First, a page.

2030 Finance | October 6, 2020

FMO backs Husk Power System’s minigrid expansion

Jessica Pothering
ImpactAlpha Editor

Jessica Pothering

ImpactAlpha, October 6 – Husk is a veteran of off-grid energy. The 12-year-old company, once known for biomass energy plants in India’s remote communities, is now a solar minigrid developer in Africa as well. 

A new commitment of $5 million from FMO, the Dutch development bank, will help Husk expand from its five-megawatts of installed generating capacity to 30-megawatts in India and Africa within two years. The financing comes two years after a $20 million equity round backed by Shell Technology Ventures, French utility ENGIE’s impact fund and Swedfund International. 

More than 200 million Indians live without access to electricity. Husk got its start in 2008 with biomass-based systems that used rice husks and other agricultural waste to power off-grid communities. When costs for solar technology plummeted, the company pivoted to hybrid biomass-solar systems. 

“FMO considers minigrids as the key to unlocking a successful rural distributed energy sector,” said FMO’s Keesjan de Kruijf. “Husk’s relentless drive for cost efficiency and customer-centric business model ensures it is able to position itself both competitively and profitably.”

Husk operates in a sector that has been slow to scale, particularly in remote areas, because minigrid technology has lacked both durability and affordability for low-income rural customers.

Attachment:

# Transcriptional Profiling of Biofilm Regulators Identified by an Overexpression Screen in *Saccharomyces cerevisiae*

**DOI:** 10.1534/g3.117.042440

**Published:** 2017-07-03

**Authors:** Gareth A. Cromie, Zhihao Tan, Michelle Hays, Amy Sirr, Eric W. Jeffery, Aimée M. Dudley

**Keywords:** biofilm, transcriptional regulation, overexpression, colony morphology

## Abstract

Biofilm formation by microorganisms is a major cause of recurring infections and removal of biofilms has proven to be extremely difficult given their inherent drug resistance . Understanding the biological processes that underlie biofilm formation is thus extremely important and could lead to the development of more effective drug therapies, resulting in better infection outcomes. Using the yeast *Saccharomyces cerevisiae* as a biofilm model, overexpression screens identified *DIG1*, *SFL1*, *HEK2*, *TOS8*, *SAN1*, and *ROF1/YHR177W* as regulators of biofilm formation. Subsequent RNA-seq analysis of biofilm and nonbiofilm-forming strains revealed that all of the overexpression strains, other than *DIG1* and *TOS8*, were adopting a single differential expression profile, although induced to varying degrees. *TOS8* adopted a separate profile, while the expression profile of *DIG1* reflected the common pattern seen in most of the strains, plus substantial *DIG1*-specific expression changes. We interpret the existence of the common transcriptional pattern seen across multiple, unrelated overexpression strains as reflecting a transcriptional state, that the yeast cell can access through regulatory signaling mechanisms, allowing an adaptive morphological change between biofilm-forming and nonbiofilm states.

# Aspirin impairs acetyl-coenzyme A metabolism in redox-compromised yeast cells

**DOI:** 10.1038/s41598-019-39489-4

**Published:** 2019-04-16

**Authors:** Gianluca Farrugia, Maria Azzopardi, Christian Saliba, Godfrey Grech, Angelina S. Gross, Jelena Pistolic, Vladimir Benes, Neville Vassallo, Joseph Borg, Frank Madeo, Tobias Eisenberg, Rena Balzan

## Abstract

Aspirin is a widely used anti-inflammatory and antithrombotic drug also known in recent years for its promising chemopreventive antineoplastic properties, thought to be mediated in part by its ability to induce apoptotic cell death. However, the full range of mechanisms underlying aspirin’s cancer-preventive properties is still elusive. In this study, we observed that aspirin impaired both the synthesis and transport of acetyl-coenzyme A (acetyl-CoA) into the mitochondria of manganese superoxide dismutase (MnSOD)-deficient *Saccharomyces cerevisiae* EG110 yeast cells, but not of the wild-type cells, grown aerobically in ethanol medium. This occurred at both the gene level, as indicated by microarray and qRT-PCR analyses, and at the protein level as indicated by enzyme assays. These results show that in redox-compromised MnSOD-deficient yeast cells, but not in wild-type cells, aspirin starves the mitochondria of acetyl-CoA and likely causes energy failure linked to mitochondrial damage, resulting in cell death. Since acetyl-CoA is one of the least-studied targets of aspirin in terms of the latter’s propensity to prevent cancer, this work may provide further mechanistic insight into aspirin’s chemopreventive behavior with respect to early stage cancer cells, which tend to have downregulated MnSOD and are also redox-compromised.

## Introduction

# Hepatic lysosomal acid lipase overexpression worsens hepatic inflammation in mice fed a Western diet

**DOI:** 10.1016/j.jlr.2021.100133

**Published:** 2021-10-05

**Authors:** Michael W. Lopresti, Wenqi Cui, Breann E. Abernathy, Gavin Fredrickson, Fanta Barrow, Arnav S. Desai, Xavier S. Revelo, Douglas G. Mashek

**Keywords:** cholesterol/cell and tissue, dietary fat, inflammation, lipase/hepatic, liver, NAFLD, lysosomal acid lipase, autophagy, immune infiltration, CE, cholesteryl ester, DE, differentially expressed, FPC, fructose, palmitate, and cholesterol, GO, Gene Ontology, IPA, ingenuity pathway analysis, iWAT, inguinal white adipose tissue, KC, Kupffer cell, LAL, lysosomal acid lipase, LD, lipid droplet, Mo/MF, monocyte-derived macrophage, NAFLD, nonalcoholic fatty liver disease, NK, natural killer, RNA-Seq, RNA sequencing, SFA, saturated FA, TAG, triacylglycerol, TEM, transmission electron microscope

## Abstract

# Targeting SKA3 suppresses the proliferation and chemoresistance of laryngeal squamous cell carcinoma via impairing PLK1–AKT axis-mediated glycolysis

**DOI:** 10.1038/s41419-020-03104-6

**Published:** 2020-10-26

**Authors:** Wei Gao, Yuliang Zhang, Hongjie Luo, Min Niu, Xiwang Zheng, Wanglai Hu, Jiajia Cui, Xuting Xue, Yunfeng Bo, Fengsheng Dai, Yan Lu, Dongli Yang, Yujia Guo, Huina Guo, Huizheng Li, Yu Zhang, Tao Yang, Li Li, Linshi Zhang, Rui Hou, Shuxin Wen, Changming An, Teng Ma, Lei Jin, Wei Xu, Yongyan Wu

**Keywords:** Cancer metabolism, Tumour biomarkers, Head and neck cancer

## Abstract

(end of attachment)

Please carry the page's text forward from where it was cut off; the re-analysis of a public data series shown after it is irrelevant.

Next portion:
Last year, Tata Power launched TP Renewable Microgrid in collaboration with the Rockefeller Foundation to build 10,000 minigrids in India by 2026. Tata’s technology partner, the Institute for Transformative Technologies, claims its systems can generate power for roughly half the cost of most other systems on the market, making it affordable to low-income customers earning about $150 per month.  

Because minigrids are still a nascent technology, it can be difficult to make direct comparisons between different systems. Husk says its costs are below $2 a watt for a system that includes a pre-paid meter, which other systems on the market lack. Similarly, it also does not rely on diesel generators as a back-up power system. 

An earlier version of this article incorrectly stated that Husk Power Systems had transitioned to solar-only minigrids. Its systems are biomass-solar hybrids.